At Colorado State University, Dr. Judy Medford and her team are developing ways for plants to visually signal when there is a biological contaminant present.
Color-chancing plants that respond to carcinogens or pathogens in the air? Sounds a bit sci-fi, but it may not be far off the mark from reality if Homeland Security, DARPA and the Office of Naval research have anything to say about it. All three agencies are very interested in a new technology being developed by Medford at Colorado state, one that re-programs a plant's natural proteins, called receptors, to detect pollutants or explosives that are of interest to humankind. Once such a detection has been made, the receptors signal the plant to stop producing chlorophyll which will cause it to turn white over a 24-48 hour period.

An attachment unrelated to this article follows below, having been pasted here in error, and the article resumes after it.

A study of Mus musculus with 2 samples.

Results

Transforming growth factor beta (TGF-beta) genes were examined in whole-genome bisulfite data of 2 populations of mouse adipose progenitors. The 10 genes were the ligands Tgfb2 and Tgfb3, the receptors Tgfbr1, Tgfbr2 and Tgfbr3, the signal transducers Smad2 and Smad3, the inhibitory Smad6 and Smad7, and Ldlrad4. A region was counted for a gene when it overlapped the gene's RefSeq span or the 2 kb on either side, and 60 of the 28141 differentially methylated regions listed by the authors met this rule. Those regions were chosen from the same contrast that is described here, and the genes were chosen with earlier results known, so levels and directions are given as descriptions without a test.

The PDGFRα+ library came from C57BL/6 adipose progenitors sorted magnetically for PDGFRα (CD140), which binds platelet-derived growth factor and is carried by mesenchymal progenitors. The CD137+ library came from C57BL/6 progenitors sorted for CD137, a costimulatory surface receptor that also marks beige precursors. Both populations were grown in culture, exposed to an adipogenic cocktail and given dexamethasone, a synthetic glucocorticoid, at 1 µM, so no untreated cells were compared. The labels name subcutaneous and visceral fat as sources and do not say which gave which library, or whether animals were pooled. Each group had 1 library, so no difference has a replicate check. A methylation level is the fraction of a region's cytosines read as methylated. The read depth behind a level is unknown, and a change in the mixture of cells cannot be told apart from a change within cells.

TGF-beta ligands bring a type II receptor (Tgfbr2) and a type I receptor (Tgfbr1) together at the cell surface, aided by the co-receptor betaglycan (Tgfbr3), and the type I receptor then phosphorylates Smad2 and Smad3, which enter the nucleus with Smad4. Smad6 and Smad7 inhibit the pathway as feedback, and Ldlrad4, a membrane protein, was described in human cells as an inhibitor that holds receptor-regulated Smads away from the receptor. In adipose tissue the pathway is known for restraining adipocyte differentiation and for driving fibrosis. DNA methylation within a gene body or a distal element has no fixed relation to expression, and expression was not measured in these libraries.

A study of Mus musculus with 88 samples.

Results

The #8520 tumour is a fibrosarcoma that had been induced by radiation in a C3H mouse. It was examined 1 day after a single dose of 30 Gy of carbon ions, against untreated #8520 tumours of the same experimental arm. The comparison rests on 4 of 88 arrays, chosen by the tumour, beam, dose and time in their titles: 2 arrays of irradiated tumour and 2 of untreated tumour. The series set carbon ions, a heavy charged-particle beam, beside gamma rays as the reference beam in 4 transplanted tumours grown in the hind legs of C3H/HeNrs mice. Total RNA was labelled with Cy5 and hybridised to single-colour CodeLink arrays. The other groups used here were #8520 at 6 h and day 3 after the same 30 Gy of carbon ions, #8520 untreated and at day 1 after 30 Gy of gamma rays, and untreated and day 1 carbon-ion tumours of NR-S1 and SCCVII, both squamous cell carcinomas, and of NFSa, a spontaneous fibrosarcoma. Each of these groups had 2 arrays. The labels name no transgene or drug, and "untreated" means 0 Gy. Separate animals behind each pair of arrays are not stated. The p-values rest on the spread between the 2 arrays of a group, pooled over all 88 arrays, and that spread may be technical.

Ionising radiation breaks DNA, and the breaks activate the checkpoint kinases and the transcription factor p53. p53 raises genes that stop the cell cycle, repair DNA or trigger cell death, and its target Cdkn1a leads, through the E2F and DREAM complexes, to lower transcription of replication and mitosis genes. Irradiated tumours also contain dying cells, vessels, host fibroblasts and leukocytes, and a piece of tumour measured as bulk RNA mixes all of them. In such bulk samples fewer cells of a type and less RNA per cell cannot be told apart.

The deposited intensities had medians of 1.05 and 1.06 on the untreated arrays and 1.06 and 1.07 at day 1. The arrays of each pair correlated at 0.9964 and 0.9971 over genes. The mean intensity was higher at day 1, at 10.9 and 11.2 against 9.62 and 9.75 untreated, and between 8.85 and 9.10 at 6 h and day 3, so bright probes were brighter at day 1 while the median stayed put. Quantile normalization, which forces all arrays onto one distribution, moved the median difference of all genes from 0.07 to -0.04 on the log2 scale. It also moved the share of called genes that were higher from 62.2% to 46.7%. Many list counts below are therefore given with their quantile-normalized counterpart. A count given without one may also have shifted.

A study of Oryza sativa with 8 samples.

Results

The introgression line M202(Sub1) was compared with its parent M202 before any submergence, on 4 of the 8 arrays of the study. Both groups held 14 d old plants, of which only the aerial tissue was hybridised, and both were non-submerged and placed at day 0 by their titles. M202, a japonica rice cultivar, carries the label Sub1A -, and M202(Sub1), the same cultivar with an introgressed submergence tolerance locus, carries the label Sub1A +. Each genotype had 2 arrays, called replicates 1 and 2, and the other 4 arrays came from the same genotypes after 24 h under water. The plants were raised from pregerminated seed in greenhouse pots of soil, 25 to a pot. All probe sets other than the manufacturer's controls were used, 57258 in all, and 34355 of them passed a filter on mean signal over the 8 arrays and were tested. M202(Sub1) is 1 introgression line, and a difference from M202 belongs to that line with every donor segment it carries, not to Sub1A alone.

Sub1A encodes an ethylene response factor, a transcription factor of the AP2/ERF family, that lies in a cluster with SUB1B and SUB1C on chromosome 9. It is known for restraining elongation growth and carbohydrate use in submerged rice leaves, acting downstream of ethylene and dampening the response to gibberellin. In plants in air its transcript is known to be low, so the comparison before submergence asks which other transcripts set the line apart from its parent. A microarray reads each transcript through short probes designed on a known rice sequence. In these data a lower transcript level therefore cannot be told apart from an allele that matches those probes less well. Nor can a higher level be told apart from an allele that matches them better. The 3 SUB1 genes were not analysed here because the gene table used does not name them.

Plant detection stages: time to get out!
Ideally, the team hopes to cut down that reaction time and also branch out into other ways of detection signaling such as in the IR or UV spectrum. The hope is that detector plants could initially be placed at airports and other high-security facilities and that they would be constantly scanned for any change in their receptor makeup, aiding in early detection.
While the US has significant restrictions on the use of genetically enhanced plant life, Medford has show that certain plants, such as tobacco, have at least the pollutant sniffing power of the world's best-trained canines, making this process not only reliable but one that will cost a significant amount less over time.
The hope is to eventually have a detector plant or two in every household, something we'll likely need if we keep polluting at the same rate we are now. Much like the canary in the mine, if your plant stops singing its green song and turns color, its time to get the hell out.